Russian President Vladimir Putin slammed the US on Saturday saying that Washington’s allegations about the Syrian regime’s use of chemical weapons against civilians were "unimaginable nonsense.”
“Common sense speaks for itself – government troops are advancing, in some regions they surrounded the insurgents,” Putin said. “In such conditions, giving a trump card to those who have always been calling for a foreign military intervention is simply unimaginable nonsense.”
“I am sure this was no more than a provocation by those looking to drag other countries [into the conflict] and obtain support of powerful international player, particularly the United States,” Putin said about the chemical attack that reportedly killed hundreds last week.
The United States said that the forces of Syrian President Bashar Assad were behind the attack, but these claims require solid proof, Putin said, marking the first time he weighed in on the topic.
“Claims that the proof exists, but is classified and cannot be presented to anybody are below criticism,” Putin said during a trip to the far eastern city of Vladivostok. “This is plain disrespect for their partners.”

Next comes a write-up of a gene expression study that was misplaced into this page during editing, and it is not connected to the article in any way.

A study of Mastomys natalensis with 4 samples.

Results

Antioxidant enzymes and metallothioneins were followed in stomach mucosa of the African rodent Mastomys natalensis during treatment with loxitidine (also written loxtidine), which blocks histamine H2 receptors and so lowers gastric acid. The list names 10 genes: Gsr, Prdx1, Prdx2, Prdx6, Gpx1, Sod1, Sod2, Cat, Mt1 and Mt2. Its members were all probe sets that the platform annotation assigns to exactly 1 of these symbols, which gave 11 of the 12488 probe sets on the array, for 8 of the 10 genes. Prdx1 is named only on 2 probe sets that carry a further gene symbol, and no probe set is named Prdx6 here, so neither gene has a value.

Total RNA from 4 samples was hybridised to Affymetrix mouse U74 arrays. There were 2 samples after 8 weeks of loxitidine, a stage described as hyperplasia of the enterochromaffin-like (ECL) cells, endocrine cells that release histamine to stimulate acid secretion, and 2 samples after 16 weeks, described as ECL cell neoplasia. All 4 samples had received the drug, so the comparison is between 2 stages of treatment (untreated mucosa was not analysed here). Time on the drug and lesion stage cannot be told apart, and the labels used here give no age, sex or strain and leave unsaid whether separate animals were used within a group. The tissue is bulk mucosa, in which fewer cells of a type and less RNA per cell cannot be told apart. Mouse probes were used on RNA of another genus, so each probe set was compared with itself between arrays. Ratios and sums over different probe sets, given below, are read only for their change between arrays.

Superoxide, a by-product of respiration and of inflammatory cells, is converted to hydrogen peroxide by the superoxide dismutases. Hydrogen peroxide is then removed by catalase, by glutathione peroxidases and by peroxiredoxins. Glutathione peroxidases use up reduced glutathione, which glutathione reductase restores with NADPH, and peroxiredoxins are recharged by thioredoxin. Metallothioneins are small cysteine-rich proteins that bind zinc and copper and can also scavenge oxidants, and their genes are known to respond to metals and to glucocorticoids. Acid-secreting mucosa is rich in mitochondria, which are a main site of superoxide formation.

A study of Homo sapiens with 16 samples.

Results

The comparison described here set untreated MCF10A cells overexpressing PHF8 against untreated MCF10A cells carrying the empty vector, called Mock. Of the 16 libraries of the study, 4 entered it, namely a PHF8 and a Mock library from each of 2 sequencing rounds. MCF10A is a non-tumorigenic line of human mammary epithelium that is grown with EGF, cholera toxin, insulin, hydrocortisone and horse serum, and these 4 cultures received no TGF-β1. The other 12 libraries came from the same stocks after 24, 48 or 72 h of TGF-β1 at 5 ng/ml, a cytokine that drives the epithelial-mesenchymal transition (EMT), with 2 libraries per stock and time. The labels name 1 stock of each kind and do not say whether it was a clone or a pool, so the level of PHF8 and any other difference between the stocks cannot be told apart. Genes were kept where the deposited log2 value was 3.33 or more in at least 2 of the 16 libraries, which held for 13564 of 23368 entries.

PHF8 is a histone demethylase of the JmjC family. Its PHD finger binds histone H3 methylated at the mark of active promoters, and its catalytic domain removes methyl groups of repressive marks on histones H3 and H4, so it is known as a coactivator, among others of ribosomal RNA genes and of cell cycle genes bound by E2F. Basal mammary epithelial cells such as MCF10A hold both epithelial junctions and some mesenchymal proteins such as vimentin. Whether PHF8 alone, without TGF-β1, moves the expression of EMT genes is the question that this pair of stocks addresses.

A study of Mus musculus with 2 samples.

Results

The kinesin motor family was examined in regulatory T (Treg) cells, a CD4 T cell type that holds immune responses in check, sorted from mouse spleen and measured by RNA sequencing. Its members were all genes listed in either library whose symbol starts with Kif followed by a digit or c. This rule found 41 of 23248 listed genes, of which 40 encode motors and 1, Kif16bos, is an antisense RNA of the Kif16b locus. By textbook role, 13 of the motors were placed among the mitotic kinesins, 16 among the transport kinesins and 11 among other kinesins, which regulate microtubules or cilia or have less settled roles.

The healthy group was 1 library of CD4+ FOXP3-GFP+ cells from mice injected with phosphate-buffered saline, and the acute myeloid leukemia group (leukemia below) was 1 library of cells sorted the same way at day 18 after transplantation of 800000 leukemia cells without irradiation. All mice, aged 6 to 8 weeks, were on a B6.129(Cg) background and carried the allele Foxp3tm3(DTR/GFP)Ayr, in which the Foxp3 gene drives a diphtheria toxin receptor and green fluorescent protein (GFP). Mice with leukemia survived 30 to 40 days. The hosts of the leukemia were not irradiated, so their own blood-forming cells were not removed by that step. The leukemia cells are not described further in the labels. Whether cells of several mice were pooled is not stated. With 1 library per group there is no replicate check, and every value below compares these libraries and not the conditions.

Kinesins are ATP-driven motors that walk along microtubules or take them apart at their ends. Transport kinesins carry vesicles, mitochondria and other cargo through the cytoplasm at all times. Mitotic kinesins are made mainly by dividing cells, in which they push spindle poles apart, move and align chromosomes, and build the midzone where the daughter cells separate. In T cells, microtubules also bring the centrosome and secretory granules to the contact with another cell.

The White House released a report Friday blaming Assad’s regime for the attack, which cited “human, signals and geospatial intelligence,” as well as open source materials such as social media reports and videos of the alleged attack. The report explicitly stated that it omitted certain classified evidence, which was only made available to the US Congress.
Putin said Saturday that Russia denounced the use of chemical weapons and was ready for “consolidated participation in drafting measures to oppose such acts.”
He also denied discussing possible US military strikes on Syrian targets with his US counterpart Barack Obama on the phone.
But Putin said he was hoping to take up the Syrian issue with Obama during the upcoming G20 summit in Russia’s St. Petersburg on September 5-6.
Obama has explicitly blamed Assad for the attack and threatened missile and bomb strikes against selected Syrian targets in retribution for using weapons of mass destructions. He denied plans for a ground invasion of Syria or Assad’s overthrow.
Damascus has called the attacks a provocation by rebels it is battling since 2011.
A UN investigative team was dispatched on the site of the attack and is expected to present its findings in mid-September, but its mandate is limited to establishing whether the attack took place, not naming the guilty parties.
The British parliament ruled Thursday against supporting a possible US military operation in Syria. Putin said Saturday he was “astonished” by the move, which, he added, was made by people “motivated by nation’s interests and common sense.”
More than 100,000 died in internal strife in Syria since the conflict’s outbreak, according to UN figures.